Distorted ageing stereotypes. The danger of generalisations.

If you believe some pundits, the 65+ cohort are mostly Divorced, Rich, Aged 65+, Overseas Traveller, and Networker i.e. DRAGON’s.

Complete with the nauseating image of an “older couple on a beach”, this article written by a “junior planner” in an advertising agency seeks to redefine the older generation. 0_0_620_http_offlinehbpl.hbpl.co.uk_news_OKM_BabyBoomers-20140221114554386The subhead reads; Baby Boomers are misbehaving, and doing all the things brands didn’t expect them to. Really?

Not so long ago, older people were being stereotyped as spendthrift stay-at-homes who were risk averse, anti social folks who never switched brands. Now we are led to believe that people start behaving in totally uncharacteristic ways in older age.

Despite the ludicrous generalisations, the article does reveal some interesting statistics to support the authors hypothesis;

  • While overall rates of cosmetic surgery have risen 78% in the past 5 years, the 60+ set has seen a rise of 303% for women and 168% for men.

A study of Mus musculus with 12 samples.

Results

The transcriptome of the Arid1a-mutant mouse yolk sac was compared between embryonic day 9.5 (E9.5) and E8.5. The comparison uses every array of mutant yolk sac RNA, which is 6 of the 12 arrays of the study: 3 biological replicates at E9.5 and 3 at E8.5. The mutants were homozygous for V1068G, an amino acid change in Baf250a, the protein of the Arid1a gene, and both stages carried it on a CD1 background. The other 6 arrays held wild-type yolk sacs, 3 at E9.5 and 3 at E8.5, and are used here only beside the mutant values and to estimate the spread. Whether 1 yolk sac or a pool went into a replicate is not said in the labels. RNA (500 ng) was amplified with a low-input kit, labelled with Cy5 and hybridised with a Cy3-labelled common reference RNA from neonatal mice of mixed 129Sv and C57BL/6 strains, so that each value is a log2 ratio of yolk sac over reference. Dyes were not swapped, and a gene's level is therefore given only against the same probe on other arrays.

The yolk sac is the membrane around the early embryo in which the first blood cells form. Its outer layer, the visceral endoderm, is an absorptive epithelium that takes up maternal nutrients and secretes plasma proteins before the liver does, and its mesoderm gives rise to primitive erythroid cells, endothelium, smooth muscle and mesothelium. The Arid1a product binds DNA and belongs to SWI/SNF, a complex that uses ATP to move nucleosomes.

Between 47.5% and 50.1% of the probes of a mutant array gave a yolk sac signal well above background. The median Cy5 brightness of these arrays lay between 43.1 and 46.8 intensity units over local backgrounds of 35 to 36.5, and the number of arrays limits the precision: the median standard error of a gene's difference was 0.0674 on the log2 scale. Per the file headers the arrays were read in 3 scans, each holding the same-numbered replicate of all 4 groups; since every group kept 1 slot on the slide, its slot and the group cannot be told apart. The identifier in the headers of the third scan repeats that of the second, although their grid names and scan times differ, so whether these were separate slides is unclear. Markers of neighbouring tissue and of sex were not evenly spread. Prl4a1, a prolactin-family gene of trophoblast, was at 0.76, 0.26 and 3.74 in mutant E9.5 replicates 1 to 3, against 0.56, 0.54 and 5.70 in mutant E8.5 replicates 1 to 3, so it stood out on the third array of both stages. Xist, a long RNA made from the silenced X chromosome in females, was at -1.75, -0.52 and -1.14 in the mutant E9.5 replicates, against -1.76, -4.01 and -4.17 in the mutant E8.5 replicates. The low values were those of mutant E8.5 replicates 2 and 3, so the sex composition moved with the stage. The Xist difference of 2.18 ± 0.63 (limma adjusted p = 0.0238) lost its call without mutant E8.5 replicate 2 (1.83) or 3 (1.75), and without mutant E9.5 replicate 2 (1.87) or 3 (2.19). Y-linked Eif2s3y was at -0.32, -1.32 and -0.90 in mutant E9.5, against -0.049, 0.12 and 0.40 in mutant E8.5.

• UK figures show that more than 13,700 over-60s were granted a divorce in 2009, up 4% in two years. This contrasts with all age groups, where rates fell 11%.
  • Nearly a fifth of all injury claims from sports such as diving, mountaineering and skiing in 2009 were made by Britons aged 70 or over. This compares to just 5% in 2006.
  • 21% of Brits in their 70s were planning three holidays in the next year – rising to 33% among single, part-time employed retirees, which is more than twice the 15% average across all age groups.

For each one of these stats, others could be generated that would paint a very different picture of the ageing consumer. That fact is, we don’t change our attitudes much as we age. Our behaviour is more affected by the physical changes we experience.